MUSTARD Brassica alban; Brassica juncea; Brassica nigra
(Used extensively as a spice). Mustard plasters are made up of a few spoonfuls of mustard powder made into a paste and coated on absorbent cloth. When applied to sore muscles or bruises, the mustard plaster has a soothing effect. The plaster may also be applied to back and chest to aid in relieving congestion .
A mix of mustard powder and water makes a mouthwash used to relieve sore throat and bronchial distress. A paste of mustard powder has been used to deaden toothache by pressing the paste into the affected tooth.
Used as a foot-bath it is said to ease the aches and pains of daily abuse to the human foot. Soaking hands helps relieve arthritis and rheumatism distress.
Mustard also acts to stimulate the kidneys and, if given as a drink in quantity will tend to induce vomiting (emetic). If retained and not regurgitated, mustard acts as a laxative.
If you know of other uses of mustard in healing, send to:
While of limited use in rituals (mustard powder does not have a good aroma when burned), mustard powder has been used to aid in healing-hand training. A healer using energy to aid in the healing process needs to learn to focus energy through the hands and into the patient. Coating the hands with mustard paste (black mustard powder is traditionally used for this) aids in focus by warming the skin and creating a "tingling" sensation. With practice, this sensation, similar to the way a healer's hands feel during intense healing energy transfer can be reproduced without the mustard because the mind/body remembers the sensation and can re-create it by sending energy to the area. With time and practice, healing-hands can become very effective.
VARIETIES OF MUSTARD SEED.
Black seed is strongest in pungency but difficult to find owing to it's bad habit of dropping it's seeds very easily. This makes harvesting by hand the normal method used and creates a more expensive, rare product. Black mustard (Brassica nigra) grows to about 3 feet with small bright yellow flowers. The seed pods contain twelve seeds in erect pods close to the main stem.
Brown mustard seeds (Brassica juncea) are milder than black mustard seed. This plant is native to India, has larger seed pods than the black mustard and is easier to harvest.
White mustard (Brassica alba) is the mildest and most common of the mustard seed used in condiment spicing. It grows throughout North America and Europe and is commonly regarded as a weed. The plant grows to 2 feet tall and has bright yellow flowers. Seed pods hold about six seeds and grow horizontally along the stem.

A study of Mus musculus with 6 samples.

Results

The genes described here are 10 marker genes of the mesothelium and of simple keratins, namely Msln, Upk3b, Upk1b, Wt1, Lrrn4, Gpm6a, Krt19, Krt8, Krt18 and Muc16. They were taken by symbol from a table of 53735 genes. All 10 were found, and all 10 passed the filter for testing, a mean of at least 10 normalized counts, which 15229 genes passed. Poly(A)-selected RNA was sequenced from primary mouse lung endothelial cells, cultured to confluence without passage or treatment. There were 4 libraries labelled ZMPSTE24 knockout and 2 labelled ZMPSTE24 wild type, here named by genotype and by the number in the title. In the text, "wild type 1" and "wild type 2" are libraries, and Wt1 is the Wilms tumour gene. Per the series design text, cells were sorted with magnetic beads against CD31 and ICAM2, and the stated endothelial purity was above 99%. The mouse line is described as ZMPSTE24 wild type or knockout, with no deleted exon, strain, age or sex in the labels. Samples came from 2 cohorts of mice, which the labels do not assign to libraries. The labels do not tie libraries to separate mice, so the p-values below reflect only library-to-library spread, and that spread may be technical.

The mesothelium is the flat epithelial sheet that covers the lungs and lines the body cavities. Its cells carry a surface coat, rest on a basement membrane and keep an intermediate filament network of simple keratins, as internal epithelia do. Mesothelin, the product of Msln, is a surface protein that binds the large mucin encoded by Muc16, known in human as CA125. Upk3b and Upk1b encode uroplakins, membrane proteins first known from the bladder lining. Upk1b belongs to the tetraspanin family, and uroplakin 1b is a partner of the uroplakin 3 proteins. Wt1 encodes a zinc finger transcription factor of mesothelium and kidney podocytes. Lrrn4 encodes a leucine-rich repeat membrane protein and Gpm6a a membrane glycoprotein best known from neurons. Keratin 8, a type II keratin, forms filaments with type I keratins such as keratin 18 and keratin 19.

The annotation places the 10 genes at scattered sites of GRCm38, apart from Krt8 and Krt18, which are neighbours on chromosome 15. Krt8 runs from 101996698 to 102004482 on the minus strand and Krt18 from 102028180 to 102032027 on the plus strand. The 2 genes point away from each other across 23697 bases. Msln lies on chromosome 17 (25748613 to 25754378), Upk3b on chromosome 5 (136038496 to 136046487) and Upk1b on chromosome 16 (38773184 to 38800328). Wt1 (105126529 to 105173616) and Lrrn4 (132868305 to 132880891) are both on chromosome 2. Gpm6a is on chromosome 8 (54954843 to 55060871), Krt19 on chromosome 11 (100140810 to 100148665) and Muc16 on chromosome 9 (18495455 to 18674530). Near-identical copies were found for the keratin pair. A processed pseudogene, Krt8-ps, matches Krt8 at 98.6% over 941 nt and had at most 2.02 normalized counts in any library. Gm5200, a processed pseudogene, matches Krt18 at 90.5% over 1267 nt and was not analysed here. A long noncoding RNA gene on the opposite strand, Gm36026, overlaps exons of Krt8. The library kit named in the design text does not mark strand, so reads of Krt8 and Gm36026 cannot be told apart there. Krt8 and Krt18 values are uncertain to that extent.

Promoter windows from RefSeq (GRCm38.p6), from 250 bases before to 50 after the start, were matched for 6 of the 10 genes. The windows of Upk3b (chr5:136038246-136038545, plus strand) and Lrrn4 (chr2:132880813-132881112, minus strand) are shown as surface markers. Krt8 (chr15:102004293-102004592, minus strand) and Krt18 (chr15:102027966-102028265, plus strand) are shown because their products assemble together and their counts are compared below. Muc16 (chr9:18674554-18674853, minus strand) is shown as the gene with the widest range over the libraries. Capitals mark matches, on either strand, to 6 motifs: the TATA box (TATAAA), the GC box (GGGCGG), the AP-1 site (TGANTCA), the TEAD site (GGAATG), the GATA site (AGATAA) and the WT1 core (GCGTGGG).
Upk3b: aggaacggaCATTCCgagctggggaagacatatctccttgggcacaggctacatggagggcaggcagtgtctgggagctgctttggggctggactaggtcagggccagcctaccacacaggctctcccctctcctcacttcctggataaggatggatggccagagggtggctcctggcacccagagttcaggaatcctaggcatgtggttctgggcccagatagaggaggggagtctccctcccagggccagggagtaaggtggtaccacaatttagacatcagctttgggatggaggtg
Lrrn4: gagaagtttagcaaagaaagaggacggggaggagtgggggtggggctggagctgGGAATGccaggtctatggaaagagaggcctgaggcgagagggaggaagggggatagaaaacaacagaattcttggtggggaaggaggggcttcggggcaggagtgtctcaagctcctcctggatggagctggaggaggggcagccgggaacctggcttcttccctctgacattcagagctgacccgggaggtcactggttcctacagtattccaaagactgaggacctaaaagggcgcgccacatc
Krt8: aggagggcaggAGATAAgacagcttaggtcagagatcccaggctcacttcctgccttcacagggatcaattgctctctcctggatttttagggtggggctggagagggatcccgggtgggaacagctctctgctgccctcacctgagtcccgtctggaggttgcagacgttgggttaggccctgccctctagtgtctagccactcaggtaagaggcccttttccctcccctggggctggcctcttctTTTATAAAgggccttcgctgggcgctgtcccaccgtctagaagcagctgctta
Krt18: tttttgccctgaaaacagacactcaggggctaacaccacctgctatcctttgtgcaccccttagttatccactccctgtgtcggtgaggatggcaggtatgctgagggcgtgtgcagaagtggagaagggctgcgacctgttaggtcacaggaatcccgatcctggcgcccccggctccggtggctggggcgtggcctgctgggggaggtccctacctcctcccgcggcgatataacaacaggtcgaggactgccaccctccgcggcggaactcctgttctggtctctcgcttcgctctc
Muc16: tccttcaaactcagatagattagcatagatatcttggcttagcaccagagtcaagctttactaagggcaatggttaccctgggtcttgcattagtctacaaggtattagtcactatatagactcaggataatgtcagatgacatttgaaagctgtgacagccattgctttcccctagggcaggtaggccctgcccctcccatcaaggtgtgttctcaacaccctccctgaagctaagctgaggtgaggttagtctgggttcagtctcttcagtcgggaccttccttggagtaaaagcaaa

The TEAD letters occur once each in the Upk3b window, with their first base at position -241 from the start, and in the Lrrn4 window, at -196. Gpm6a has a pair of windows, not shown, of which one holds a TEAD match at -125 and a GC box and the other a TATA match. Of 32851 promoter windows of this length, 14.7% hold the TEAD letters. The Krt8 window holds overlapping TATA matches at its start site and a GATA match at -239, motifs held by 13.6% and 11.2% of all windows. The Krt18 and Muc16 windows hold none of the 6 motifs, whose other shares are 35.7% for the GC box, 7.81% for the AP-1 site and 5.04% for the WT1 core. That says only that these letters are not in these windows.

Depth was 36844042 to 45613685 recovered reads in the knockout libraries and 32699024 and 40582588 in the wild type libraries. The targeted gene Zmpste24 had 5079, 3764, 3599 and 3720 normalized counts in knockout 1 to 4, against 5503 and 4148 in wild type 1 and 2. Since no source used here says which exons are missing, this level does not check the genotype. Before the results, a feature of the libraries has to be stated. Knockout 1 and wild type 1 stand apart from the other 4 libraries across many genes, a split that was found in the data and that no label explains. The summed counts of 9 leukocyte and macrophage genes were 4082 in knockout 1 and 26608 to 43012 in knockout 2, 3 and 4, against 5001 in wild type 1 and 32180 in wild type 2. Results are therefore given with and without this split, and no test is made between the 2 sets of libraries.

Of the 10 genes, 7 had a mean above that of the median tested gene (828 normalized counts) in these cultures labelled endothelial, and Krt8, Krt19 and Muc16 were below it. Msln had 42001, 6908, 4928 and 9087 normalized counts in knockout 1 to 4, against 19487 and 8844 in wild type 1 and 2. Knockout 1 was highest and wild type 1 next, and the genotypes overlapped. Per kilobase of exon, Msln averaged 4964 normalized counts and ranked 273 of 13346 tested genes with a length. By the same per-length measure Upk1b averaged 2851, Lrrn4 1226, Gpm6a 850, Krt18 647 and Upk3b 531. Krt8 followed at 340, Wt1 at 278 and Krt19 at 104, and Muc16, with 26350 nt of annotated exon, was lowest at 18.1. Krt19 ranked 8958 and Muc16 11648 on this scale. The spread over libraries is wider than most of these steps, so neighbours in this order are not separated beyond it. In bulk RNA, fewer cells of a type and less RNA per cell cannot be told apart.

Whether you grow you own or purchase seeds from the store, the seeds should be crushed and powdered at home just prior to use. Crush in either a mortar and pestle or powder in a blender. Recently harvested seeds tend to paste somewhat but seeds that have been put up and allowed to season for a few weeks or months will powder nicely.
Mustard seeds and powder must not be mixed more than a few minutes prior to using. The mustard essential oil reacts quickly with oxygen to kill the flavor.
Use milk or beer to mix the powder or crushed seeds for best results. Vinegar and heat destroy the essential oil which produces the flavor so desired in fresh mustard. When adding to hot dishes, add late in the process, preferably just prior to serving to preserve the essential oil.
Store-bought preparations (pre-mixed) will have flavor from added spices but will have lost the essential oil needed to provide the true flavor and joy of mustard. When making your own mustard from purchased or home-grown seeds remember to make the mustard sauce within about 10 minutes of using.
The formula for American-style mustard is:
Mild white mustard seeds (powdered).
Vinegar (to make a paste)
Sugar to taste
Spices (as imagination allows)
Tumeric (small amount)
Other mustards include;
German---using black seed and vinegar.
Dijon---using brown seeds (formerly only black seeds) blended with wine.
Meaux---in which black seeds are both powdered and crushed, then mixed with vinegar.
Honey mustard---similar to American but with abundant honey to flavor.
Mustards can be mixed with many kinds of liquids to form the condiment desired, including (but not limited to) whiskey to wine, many varieties of vinegar, types of honey, beer, soft cheese, or other liquid as you can imagine, even with champagne.
Spicy sprouts can easily be grown in the usual sprouting jar. Do not use too many seeds at once. No more than two teaspoons to a quart jar will keep the seeds from souring too easily. Rinse seeds twice a day for best results. Seedlings will be edible from smallest sprouts until fibrous roots develop.